Stamford Health Volunteer Spotlight: Sue Greenberg

Published: March 27, 2023

Stamford Health is thankful for the many volunteers that make a difference at the hospital every day. Our staff ensures that our volunteers are well-matched and well-recognized for their individual strengths and talents, with a fit for everyone — from teenagers to adults! Today, we're spotlighting Sue Greenberg, who has been volunteering for 50 years now. We hope her story may inspire you to volunteer; you can learn more about our volunteer opportunities here.

1. Thank you for all you do for Stamford Health! Tell us about your volunteer work.

I started as a transporter taking in patients to the radiation therapy department for their treatment and taking them back to their rooms. And then I worked at the front desk, which was fun. But I really liked the patient involvement.

One day, the head of volunteers asked if I’d be interested in working at a nursing unit and I said I’d love to. I started working in the emergency room – I spent about 46 years working in the emergency room and I just loved it. And then a couple of years ago, I started volunteering at the Bennett Cancer Center. I work in the infusion center.

2. What do you typically do on your shifts?

When a patient comes in, I check their armband and I come inside and I tell the nurse who's here. I do rounds, I go to all the rooms and I check and see if someone needs a warm blanket, if they need something to drink, if there's anything I can do for them. And people are very, very open to that. I even have one patient who was a reader and she's always talking to me about books because I'm a reader and we talk. We give each other suggestions for books.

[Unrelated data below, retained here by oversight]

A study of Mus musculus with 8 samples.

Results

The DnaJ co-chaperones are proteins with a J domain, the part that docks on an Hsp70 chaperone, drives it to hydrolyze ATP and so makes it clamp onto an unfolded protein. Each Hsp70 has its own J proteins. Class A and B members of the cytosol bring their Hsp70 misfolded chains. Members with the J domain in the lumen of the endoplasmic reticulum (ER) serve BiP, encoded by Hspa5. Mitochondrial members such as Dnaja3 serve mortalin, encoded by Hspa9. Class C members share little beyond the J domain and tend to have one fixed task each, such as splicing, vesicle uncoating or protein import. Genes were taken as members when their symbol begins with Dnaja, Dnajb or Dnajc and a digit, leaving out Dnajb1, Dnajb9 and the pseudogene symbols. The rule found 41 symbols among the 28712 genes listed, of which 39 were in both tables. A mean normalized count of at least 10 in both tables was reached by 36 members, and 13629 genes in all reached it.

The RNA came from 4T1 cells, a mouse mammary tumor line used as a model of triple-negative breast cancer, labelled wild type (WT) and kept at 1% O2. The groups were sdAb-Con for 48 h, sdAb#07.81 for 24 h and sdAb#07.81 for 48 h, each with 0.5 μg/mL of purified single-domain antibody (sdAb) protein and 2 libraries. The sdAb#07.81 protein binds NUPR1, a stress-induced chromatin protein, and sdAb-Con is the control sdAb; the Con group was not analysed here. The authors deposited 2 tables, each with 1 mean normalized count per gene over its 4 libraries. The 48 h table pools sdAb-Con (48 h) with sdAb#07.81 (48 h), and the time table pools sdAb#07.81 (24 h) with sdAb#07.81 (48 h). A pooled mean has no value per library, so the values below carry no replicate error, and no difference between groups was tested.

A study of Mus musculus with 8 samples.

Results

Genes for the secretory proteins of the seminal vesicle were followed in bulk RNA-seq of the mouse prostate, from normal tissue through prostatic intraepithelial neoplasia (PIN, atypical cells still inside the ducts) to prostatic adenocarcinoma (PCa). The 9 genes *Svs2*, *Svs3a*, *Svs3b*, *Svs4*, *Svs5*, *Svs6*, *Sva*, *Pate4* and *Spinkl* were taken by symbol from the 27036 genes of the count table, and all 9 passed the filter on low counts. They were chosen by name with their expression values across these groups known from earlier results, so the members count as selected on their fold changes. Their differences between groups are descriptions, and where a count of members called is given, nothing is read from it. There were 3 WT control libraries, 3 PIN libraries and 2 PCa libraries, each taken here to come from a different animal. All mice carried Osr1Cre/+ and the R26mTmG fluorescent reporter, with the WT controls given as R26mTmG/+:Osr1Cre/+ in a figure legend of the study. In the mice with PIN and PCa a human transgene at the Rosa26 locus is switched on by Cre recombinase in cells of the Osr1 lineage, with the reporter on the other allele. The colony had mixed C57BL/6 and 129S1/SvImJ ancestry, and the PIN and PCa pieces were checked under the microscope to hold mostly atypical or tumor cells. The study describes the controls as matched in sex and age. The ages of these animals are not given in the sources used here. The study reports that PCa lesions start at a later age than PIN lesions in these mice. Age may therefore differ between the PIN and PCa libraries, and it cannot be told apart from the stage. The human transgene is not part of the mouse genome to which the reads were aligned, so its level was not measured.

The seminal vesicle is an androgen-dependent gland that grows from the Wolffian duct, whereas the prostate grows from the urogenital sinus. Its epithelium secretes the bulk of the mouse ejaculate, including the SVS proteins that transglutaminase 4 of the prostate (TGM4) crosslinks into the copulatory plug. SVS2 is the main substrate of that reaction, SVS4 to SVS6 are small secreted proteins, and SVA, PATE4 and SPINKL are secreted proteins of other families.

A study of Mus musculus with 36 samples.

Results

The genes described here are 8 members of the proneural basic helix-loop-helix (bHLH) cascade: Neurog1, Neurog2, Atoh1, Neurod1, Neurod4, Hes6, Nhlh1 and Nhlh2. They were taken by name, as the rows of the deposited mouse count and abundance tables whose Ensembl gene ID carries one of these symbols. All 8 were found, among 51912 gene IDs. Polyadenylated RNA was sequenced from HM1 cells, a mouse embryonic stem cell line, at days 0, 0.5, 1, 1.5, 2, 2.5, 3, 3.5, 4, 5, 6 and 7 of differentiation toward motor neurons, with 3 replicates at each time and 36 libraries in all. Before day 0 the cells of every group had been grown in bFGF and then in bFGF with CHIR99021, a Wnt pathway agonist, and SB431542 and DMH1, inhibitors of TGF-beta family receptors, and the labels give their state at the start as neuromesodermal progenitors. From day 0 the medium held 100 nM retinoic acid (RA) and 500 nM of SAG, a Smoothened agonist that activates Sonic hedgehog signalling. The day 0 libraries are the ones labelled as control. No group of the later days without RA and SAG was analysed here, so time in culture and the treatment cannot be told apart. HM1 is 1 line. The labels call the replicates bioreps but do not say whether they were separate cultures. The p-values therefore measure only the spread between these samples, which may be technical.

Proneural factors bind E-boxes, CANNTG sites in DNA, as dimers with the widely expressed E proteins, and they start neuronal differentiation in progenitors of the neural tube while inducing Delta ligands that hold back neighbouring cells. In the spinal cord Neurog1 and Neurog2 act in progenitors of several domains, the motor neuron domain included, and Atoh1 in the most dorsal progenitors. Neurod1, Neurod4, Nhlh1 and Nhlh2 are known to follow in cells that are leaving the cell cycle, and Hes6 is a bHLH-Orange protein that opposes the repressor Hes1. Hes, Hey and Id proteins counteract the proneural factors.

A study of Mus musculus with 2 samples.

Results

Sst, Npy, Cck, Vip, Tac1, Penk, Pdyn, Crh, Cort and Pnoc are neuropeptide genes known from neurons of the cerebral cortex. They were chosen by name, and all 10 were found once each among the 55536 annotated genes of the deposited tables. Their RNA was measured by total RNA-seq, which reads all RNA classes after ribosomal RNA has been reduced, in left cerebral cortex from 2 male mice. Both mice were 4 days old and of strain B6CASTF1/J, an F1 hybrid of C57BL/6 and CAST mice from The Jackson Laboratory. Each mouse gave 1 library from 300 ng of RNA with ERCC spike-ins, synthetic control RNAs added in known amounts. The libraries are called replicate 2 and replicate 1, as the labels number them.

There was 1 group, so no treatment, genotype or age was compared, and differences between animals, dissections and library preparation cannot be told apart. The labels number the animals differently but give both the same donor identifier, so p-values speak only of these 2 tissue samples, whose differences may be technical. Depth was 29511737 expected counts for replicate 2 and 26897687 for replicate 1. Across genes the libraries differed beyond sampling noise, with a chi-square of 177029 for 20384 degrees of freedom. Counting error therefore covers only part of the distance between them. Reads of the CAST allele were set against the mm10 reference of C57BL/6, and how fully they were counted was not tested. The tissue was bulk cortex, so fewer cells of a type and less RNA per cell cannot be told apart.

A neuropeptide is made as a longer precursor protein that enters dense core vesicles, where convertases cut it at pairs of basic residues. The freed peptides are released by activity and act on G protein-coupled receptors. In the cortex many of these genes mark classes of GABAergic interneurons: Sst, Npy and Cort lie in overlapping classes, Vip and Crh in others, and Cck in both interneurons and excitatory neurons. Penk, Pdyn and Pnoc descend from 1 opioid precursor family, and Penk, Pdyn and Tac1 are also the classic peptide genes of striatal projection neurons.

But the other thing that I do that I find really amazing is, thanks to the Hope in Motion Walk, we have lunches for all our patients that are free, and every day they come around with a tray full of bags and I go in and I offer the patients lunches, which they are so grateful for. If you're sitting there for a five-hour infusion or a six-hour infusion, it's awfully nice to have somebody bring you lunch.

3. Why did you become a volunteer?

I've been a volunteer at Stamford Hospital for almost 50 years. I started out when my youngest child went to school and I wanted to do some volunteer work, and the hospital just seemed like the natural place. And I think we're so lucky to have Stamford Hospital that I just wouldn't have gone anywhere else.

4. Do you have any advice for others looking to get involved?

People say how wonderful it is to work here, what we do as volunteers. But volunteers get so much more out of what they do — to see a smile on someone's face, or just to make somebody feel like they're there and you're there for them and you want to help them is very, very self-satisfying.